Stellantis Researching Inductive Charging Using Dedicated Test Track

If you are a fan of Popular Mechanics or Popular Science, you have read lots of stories over the years of electric cars that take advantage of inductive charging to keep their batteries full while they drive. The stories always have a sort of breathless, “Gee, Mr. Wizard” quality about them with lots of illustrations showing happy people smiling a lot as they waft along. They seldom offer many details, however, about how all those excited electrons jump from below the pavement to the battery of a car as it speeds along.

Stellantis, despite the grumpiness of its chief executive when it comes to manufacturing electric cars, has built a 0.6 mile long test track known rather grandly as the “Arena del Futuro” in Chiari, Italy, where it says it has managed to achieve efficiency levels inductive charging technology that are similar to those associated with DC fast chargers. Assuming such system ever graduates to highways in the real world, electric cars would theoretically be capable of truly bladder bursting range, which would eliminate one of the criticisms of today’s electric cars.

According to CarScoops, Stellantis has been successful at getting an electric Fiat 500 to travel at highway speeds without using any of the energy stored in its battery. The company is working with several partners to test the technology on cars, buses, and trucks. The test facility uses a system of coils located under the asphalt that transfers energy to vehicles equipped with a special receiver. That energy goes directly from the road to the electric motors, allowing them to drive a vehicle without running the battery down.

The system runs on DC current, which reduces power losses and allows the use of thinner cables made of aluminum instead of copper. It also allows the system to run on electricity from solar panels, which produce DC current. Stellantis claims there are no exposed cables that might be a danger to pedestrians and that the magnetic field created by the inductive charging system has no negative impact on the driver or passengers.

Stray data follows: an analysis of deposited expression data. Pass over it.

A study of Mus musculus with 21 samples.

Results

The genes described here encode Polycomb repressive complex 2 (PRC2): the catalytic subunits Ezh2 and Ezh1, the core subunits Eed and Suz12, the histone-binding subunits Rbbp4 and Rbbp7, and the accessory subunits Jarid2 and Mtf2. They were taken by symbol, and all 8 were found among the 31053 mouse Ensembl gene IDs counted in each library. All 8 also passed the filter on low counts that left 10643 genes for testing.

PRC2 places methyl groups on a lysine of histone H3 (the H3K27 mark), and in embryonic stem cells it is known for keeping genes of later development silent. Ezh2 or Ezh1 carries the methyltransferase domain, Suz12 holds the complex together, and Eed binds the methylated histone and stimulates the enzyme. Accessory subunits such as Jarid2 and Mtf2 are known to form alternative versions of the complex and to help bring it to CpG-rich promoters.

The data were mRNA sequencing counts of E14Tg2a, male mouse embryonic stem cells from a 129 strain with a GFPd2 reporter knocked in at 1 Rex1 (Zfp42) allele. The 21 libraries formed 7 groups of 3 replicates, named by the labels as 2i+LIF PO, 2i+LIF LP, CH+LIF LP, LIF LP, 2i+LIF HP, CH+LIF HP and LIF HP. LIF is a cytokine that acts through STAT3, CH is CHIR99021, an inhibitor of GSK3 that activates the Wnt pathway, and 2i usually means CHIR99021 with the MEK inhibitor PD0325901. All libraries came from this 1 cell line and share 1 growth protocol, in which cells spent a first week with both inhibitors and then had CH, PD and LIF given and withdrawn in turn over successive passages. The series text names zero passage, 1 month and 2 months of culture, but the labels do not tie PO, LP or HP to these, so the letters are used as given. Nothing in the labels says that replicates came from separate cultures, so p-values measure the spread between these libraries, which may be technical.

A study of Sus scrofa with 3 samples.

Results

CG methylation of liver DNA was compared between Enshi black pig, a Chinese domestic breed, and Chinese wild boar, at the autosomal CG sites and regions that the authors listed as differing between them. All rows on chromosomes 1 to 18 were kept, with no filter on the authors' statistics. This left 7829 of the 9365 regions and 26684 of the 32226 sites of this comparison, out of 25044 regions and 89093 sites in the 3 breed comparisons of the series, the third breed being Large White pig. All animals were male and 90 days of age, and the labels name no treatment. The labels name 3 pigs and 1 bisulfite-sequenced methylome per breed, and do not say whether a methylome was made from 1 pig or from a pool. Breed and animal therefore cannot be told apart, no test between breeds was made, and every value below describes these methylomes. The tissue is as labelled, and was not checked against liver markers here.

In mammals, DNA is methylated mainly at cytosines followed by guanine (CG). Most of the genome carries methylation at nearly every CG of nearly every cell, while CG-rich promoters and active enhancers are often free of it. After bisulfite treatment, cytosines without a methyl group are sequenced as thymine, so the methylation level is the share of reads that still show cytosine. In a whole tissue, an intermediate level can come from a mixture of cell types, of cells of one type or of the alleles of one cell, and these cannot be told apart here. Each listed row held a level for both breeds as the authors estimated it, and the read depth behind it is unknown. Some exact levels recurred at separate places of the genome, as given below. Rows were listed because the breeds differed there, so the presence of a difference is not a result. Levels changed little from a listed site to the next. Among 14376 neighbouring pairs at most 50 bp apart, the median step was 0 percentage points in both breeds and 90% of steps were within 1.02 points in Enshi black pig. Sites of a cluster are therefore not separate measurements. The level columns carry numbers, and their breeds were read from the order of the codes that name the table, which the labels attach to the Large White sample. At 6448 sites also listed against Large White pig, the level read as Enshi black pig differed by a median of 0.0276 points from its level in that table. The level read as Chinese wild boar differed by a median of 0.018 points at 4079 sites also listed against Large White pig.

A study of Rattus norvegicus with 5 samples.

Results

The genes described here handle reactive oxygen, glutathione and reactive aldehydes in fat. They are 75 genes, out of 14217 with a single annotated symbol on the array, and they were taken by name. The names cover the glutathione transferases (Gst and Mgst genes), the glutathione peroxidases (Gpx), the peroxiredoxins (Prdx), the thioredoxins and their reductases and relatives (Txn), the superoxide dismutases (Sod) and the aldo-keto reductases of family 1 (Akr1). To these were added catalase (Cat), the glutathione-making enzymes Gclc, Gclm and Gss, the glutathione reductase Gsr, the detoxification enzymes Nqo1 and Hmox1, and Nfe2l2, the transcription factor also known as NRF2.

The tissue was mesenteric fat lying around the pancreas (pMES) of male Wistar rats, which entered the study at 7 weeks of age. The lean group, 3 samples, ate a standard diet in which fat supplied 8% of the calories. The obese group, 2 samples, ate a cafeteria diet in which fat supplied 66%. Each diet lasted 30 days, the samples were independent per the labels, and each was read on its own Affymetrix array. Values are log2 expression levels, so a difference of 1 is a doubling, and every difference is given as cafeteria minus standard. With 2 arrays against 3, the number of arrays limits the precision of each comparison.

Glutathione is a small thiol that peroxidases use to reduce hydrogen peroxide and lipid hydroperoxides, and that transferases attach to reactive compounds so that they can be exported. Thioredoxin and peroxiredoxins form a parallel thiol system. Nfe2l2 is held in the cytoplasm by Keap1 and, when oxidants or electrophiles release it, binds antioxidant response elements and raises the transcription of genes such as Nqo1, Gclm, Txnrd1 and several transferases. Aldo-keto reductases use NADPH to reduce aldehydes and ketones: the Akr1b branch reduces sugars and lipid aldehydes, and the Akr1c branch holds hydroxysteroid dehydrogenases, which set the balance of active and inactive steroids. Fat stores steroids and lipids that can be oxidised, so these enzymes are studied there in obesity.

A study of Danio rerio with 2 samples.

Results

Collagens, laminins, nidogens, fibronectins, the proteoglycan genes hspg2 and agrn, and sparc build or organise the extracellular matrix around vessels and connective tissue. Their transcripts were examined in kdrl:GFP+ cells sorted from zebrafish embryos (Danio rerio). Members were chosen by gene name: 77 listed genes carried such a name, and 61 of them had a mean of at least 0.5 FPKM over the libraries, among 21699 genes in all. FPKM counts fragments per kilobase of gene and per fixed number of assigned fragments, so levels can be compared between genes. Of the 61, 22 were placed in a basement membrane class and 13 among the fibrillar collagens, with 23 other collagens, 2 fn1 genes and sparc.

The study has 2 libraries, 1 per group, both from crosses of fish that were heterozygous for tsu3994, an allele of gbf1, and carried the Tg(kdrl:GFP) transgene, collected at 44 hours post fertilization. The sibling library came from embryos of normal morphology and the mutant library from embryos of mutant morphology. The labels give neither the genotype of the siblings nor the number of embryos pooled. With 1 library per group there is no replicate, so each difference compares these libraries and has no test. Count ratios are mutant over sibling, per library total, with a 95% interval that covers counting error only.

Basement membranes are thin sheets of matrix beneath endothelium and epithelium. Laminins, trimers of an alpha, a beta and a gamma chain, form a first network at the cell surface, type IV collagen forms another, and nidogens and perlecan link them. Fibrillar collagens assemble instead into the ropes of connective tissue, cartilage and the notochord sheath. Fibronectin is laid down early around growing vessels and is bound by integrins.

“Our long-term strategic plan, Dare Forward 2030, is based on the premise of bringing ‘cutting-edge freedom of mobility’ to all and this project is the very essence of where we’re headed as a company,” said Anne-Lise Richard, the head of the Global e-Mobility Business Unit at Stellantis. “These joint projects are exciting steps as we work to achieve longer battery lifespan, lower range anxiety, greater energy efficiency, smaller battery size, outstanding performance, and lower weight and cost.”

Inductive Charging For All!

Stellantis is working with several partners to test inductive charging technology. The system itself is supplied by Israeli company ElectReon. Others involved in the research include Iveco, ABB, chemical group Mapei, FIAMM Energy Technology, and three Italian universities. Iveco is testing a 12-meter E-Bus bus fitted with the necessary connectivity and charging technology. In a press release, it says the bus charged inductively with 75 kW of power at speeds of 70 km/h or more.

Domenico Nucera, president of Iveco’s Bus Business Unit, said, “Induction charging technology also has exciting potential for commercial vehicles and could become an effective infrastructure platform for all e-mobility systems, not just pure electric vehicles. We will continue testing in the belief that this technology can effectively contribute to the transition to zero-emission mobility thanks to the benefits it offers to all users.”

The Takeaway

This is potentially good news for the EV revolution, as anything that reduces range anxiety is a good thing. However, we don’t know anything about the cost of building electrified roads or equipping vehicles with the right hardware to utilize the system. We don’t know how road salt, snow, and freezing temperatures may affect the performance of the system. In short, this is all nice to know but is nowhere near being ready for widespread commercial use.

Nevertheless, a journey of  thousand miles begins with a single step, so kudos to Stellantis for making this testing happen. If it ever makes it to real world driving, we hope to break the story before Popular Mechanics does.